The NFL officially expanded its playoffs to 14 teams — seven in each conference — Tuesday, adding teams to the postseason for the first time since 1990.
The previous format led to plenty of near-misses, and Aaron Schatz — writing for ESPN and utilizing Football Outsiders’ DVOA (defensive value over average) metric — ranked the best teams who would’ve made the playoffs under the new rules, and the 1991 49ers earned the crown.
“A seventh seed would have also made for a great story,” Schatz wrote, “because the 49ers played themselves back into contention with a third-string quarterback.”
Joe Montana missed the entire season after injuring his elbow in the 1990 NFC Championship Game, while Steve Young injured his knee in Week 10. Steve Bono admirably filled in for Young in six starts, but the 10-6 49ers missed out on the playoffs by virtue of two losses by an average of four points to the No. 6-seeded Atlanta Falcons, who held the tiebreaker over San Francisco.
Those 49ers were loaded, as 1991 marked the only season San Francisco didn’t at least advance to the NFC Championship Game from 1987 through 1994. Bono ranked third in passing DVOA that season and the 1991 49ers had the second-highest DVOA (26 percent) of any team that failed to make the playoffs from 1990 through 2020.
That would’ve set them up well for a playoff run.
“[The] 49ers’ playoff pedigree might very well have made them favorites on the road against second seed Detroit,” Schatz argued, “which ranked only 17th in DVOA despite a 12-4 record. San Francisco outscored opponents by nearly 10 points per game during the regular season; Detroit outscored opponents by just three points per game.”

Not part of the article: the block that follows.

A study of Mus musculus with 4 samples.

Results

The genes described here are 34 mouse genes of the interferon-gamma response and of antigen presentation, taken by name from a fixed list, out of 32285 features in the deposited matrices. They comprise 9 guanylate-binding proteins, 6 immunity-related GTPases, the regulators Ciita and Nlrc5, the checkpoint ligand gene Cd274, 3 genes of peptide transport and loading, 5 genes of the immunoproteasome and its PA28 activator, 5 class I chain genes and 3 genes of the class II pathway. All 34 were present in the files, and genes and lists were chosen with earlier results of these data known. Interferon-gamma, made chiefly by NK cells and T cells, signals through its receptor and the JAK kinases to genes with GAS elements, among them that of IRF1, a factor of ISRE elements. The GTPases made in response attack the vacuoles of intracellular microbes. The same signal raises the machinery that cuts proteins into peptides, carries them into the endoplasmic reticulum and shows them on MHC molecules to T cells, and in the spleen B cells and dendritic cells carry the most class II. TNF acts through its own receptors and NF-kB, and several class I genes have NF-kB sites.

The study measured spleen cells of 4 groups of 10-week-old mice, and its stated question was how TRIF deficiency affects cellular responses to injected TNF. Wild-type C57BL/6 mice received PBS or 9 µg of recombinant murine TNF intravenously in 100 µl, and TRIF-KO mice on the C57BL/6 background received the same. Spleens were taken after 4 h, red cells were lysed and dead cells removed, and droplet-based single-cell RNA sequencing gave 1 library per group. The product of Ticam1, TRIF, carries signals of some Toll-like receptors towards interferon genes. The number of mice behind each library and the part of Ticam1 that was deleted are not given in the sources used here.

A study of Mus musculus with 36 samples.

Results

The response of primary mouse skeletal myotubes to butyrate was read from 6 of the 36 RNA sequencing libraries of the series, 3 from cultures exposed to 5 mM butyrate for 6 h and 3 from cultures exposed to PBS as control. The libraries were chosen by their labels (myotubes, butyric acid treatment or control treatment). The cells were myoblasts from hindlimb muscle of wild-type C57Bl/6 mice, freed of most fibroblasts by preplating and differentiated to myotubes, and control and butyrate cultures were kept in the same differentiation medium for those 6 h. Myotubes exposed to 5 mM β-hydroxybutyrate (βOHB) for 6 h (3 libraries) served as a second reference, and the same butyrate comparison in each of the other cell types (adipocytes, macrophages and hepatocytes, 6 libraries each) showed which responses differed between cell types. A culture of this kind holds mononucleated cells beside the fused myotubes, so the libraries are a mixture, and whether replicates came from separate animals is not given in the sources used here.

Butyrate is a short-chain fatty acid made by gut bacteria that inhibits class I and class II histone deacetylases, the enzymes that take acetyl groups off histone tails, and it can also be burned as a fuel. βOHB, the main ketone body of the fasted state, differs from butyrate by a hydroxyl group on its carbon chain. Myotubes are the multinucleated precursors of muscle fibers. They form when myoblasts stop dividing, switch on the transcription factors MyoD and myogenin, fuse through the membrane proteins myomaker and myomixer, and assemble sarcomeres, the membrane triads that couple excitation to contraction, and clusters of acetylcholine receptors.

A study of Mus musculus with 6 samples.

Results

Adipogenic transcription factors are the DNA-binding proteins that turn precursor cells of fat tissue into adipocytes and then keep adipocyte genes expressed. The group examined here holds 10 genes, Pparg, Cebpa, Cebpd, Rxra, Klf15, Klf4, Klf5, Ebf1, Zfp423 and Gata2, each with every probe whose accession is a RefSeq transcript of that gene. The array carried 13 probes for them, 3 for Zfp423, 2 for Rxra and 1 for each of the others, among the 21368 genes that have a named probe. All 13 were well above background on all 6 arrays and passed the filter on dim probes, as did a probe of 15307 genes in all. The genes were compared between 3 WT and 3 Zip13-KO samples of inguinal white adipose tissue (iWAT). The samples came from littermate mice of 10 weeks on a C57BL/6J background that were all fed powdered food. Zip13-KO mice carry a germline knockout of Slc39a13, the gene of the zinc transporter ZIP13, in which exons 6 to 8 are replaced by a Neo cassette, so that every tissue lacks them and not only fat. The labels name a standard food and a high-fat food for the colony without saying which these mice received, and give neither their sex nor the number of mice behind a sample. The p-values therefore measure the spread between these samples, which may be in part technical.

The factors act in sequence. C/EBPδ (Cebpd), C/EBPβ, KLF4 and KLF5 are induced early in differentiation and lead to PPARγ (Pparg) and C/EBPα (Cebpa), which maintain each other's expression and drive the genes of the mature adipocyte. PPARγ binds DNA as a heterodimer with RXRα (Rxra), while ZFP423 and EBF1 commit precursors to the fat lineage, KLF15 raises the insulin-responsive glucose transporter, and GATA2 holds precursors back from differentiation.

The 1991 Lions, as Schatz noted, advanced as far as the NFC Championship Game. Washington (56.9 percent DVOA, which topped the NFL), led by quarterback Mark Rypien, crushed Detroit in that game, so San Francisco would’ve faced an uphill battle throughout the rest of the NFC playoffs.
The 49ers might’ve gotten a boost, however. Young started for the 49ers in a 52-14 demolition of the Chicago Bears in the regular-season finale, throwing for 332 yards and three touchdowns. Could Young, who led the NFL in passing DVOA despite his injuries that season, have gone on an Aaron Rodgers-esque run and led the NFC’s lowest seed to a Super Bowl appearance?
We’ll never know the answer, but it’s a fun hypothetical to consider nonetheless. Just as it will be when we look back on the 14-team era after the NFL inevitably expands its playoffs to include 16 (or more) teams.